Tuesday, October 30, 2012

When Religious Freedom Was In Danger in America

Friedhof Cemetery in Washington
Township, Douglas County SD
site of the graves of Joseph and
Michael Hofer, Anabaptist Martyrs
We hear a lot about the threat to religious liberty in the United States today and while researching the Anabaptist movement for a class that I am teaching, I came across an interesting story about a threat to religious freedom in the United States 95 years ago.  It wasn’t Catholics being threatened with mandatory contraceptive coverage, but a far more dramatic story of Anabaptists who gave their lives rather than surrender to the laws of the United States.    First, some background.
The Hutterites are a Anabaptist denomination that emigrated to the United States in the late nineteenth century from the Russian Empire—though they were not ethnic Russians but Tyrolean Austrian.  Founded in the Austrian Tyrol in the sixteenth century by Jakop Hutter, a hat-maker and itinerant preacher, the Hutterites had left their native Austria for Moravia (in today’s Czech Republic) to escape persecution by the Catholic Hapsburg rulers of Austria.  Hutter himself was eventually captured by the Hapsburgs and burned at the stake in Innsbruck in 1536.  When Moravia fell under the Hapsburg empire, the colonies of Hutterites in Moravia eventually fled first to Transylvania and then to the Ukraine to avoid persecution and military conscription.
Like many Anabaptist groups, the Hutterites are and have always been radical pacifists.  Their religion prohibits them not only from bearing arms, but from wearing military uniforms, following military orders, or paying taxes that support war.  In the Ukraine—then a part of the Russian Empire—the Hutterites had long been exempted from military service but in the second half of the nineteenth century, were required by the Russians to do alternative service in forestry.  Even this was a conscience problem for them as they saw their alternative service as an indirect participation in the war effort.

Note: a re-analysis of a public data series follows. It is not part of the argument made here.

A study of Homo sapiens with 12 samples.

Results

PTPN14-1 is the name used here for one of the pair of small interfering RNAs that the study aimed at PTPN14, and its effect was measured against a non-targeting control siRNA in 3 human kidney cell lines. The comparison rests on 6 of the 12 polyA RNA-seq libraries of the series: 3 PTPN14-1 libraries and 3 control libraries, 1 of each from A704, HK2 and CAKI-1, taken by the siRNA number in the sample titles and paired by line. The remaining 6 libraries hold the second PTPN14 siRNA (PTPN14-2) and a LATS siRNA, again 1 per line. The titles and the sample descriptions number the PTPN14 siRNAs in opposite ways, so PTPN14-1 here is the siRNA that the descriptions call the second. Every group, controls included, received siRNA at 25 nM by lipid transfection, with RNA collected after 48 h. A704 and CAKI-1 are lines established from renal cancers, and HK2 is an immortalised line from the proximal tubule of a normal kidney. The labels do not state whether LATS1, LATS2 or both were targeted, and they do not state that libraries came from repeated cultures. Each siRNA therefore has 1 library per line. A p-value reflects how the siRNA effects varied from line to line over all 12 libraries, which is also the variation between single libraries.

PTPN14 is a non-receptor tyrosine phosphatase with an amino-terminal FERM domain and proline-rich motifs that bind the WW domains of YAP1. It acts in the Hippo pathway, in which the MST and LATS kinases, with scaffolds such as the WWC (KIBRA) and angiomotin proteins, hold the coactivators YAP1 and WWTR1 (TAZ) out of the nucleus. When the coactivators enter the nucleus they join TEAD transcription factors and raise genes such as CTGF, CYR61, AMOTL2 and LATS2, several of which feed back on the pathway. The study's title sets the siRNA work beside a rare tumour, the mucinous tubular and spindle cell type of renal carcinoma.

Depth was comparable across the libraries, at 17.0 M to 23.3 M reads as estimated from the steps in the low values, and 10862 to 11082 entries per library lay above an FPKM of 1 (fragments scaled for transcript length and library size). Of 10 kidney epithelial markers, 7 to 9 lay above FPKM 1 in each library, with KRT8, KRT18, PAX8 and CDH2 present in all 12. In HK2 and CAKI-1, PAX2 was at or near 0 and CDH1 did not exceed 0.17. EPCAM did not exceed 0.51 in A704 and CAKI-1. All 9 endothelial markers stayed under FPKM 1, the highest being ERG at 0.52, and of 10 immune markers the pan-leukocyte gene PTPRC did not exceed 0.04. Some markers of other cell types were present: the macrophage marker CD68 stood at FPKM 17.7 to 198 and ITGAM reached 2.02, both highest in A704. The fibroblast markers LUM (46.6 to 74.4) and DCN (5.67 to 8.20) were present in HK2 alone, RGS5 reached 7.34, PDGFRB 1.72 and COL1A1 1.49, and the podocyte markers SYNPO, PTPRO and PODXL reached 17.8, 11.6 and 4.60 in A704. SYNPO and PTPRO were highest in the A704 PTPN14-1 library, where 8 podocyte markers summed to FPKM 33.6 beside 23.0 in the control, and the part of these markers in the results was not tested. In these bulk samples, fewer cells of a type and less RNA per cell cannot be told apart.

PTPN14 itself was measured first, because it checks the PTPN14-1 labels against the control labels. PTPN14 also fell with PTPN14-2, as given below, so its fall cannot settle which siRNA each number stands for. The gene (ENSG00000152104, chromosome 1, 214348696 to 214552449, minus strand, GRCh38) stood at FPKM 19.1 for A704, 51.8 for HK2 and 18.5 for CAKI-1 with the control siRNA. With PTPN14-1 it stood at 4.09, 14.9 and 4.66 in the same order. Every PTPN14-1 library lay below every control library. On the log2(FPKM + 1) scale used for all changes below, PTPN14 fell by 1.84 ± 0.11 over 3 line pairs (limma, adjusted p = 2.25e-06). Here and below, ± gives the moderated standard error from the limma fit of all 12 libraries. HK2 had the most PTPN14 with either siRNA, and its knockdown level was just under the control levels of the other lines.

Four hundred Hutterites emigrated from the Ukraine to South Dakota in the 1870’s.  There they established their radical way of life which, based on the Acts of the Apostles, requires that property be held in common. That marked them as very odd ducks in American society that has long had a paranoia of anything “socialist” including religious communitarianism.  Four men from this colony in Freeman, South Dakota—the brothers Joseph, Michael, and David Hofer and a relative, Jakob Wipf—were drafted in 1917 to fight in World War I.  Community leaders were in a quandary as to what they should do.  The decision was that they should report to the induction center as ordered but neither put on a uniform nor carry a gun.  They were forcibly shaved of their beards and had their hair cut contrary to their religious customs and sent to Fort Lewis Washington where they were court-martialed and sentenced to 35 years in prison for their refusal.  (The sentence was later reduced to 20 years.)  They were sent to Alcatraz, then a military prison, where they were chained to the ceiling of a cold and damp underground cell.  Uniforms were left in the cell and the prisoners told that if they were cold they could dress in the uniform—they stayed cold rather than compromise their beliefs.  They were transferred to Leavenworth Kansas but Michael and Joseph Hofer were so weakened by the cold and by the near-starvation they had had to endure, that they died three days apart.  The bodies were shipped back to their families in South Dakota.  When their coffins were opened, the bodies had been dressed in the military uniforms they had refused to wear as a mark of contempt for the martyrs and their religious convictions.  
After reading a story like this I am not impressed at the charges of attacks on religious liberty coming from some voices today.  And as usual I am very impressed at the stories of how Anabaptists—Hutterites, Mennonites, Amish—stand faithful to their beliefs in spite of the disadvantages it causes them in our modern society.